Health Care: How is it not a moral issue?
Health care reform is an economic issue; it is a political issue; it is a medical issue; and it is most definitely a moral issue.
The wealthy don’t worry about access to health care. Members of Congress certainly don’t. The very poor qualify for Medicaid, a government-run insurance program. The elderly qualify for Medicare, another government-run insurance program.
The middle class is being squeezed out of health care. Sometimes it is because they can’t afford it and must choose between keeping a roof over their heads and buying health insurance. Sometimes it is because insurers are legally allowed to — and do — deny or drop coverage. Let’s face it — denial of health insurance is denial of access to preventive care, and continuity of care that an emergency room can not and will not provide.
How many more gut wrenching stories of the sick and dying do we have to hear before it sinks in? Are these unfortunate souls less deserving than everyone else, somehow less worthy? Do you still believe it could never happen to you? What if someone you love succumbed to a fully treatable condition because they were denied health insurance? Would you find it morally acceptable?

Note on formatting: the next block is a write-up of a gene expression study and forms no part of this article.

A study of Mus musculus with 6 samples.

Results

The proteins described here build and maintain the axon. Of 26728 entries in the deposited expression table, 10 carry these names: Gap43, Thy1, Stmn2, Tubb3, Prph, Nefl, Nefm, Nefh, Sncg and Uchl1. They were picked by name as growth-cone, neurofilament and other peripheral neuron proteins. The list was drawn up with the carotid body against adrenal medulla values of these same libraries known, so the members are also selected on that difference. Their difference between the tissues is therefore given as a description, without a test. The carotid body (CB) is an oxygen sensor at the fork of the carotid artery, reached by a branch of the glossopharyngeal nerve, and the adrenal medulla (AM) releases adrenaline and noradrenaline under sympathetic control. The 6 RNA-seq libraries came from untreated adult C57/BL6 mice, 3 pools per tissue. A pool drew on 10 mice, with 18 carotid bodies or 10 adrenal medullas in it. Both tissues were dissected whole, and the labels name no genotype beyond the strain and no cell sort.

In the United States, we proudly proclaim that we all have the right to an attorney, even if we cannot afford one. No one will go undefended in a criminal case. We take that right for granted. It would be immoral to go around charging people with crimes and not giving them access to a legal defense. Why not offer a similar level of compassion to someone who is ill?
Most middle class people are not looking for a handout. They simply want a fair shake when it comes to matters of health.
As to calls for tax boycotts should health care reform pass, that’s just not how our country works. We don’t pay taxes based on an a la carte menu — I’ll pay for schools and police, but not for defense spending or health care.
The current proposed legislation lacks punch. It doesn’t completely overhaul a system run amok, does not remove for-profit insurers from the equation, does not attempt to cover all Americans, and doesn’t take full effect for years. But waiting for everyone to agree on everything is an exercise in futility.
What it will offer, in part, is health insurance that can never be denied even if you have a pre-existing condition, security after a job loss, covered preventive care, real insurance industry reforms, and tax credits to help small businesses cover their workers.
What we have here is a reasonable beginning. For Congress, deadlines have come and deadlines have gone. Time is up. Pass health care reform now!
To those who say “start over with a clean sheet of paper,” we all know that means it just isn’t going to happen. It would be the death of health care reform for many years to come. Let’s not continue to turn our backs on a very real crisis for a great many people. You never know when it will be your turn. There is a very real moral issue at stake.
From the Petition Site
Congress: Time is up! I expect you to finish the job you started and finalize the package of health care reforms already approved by both chambers of Congress to give me peace-of-mind about my health care and real oversight of the insurance industry.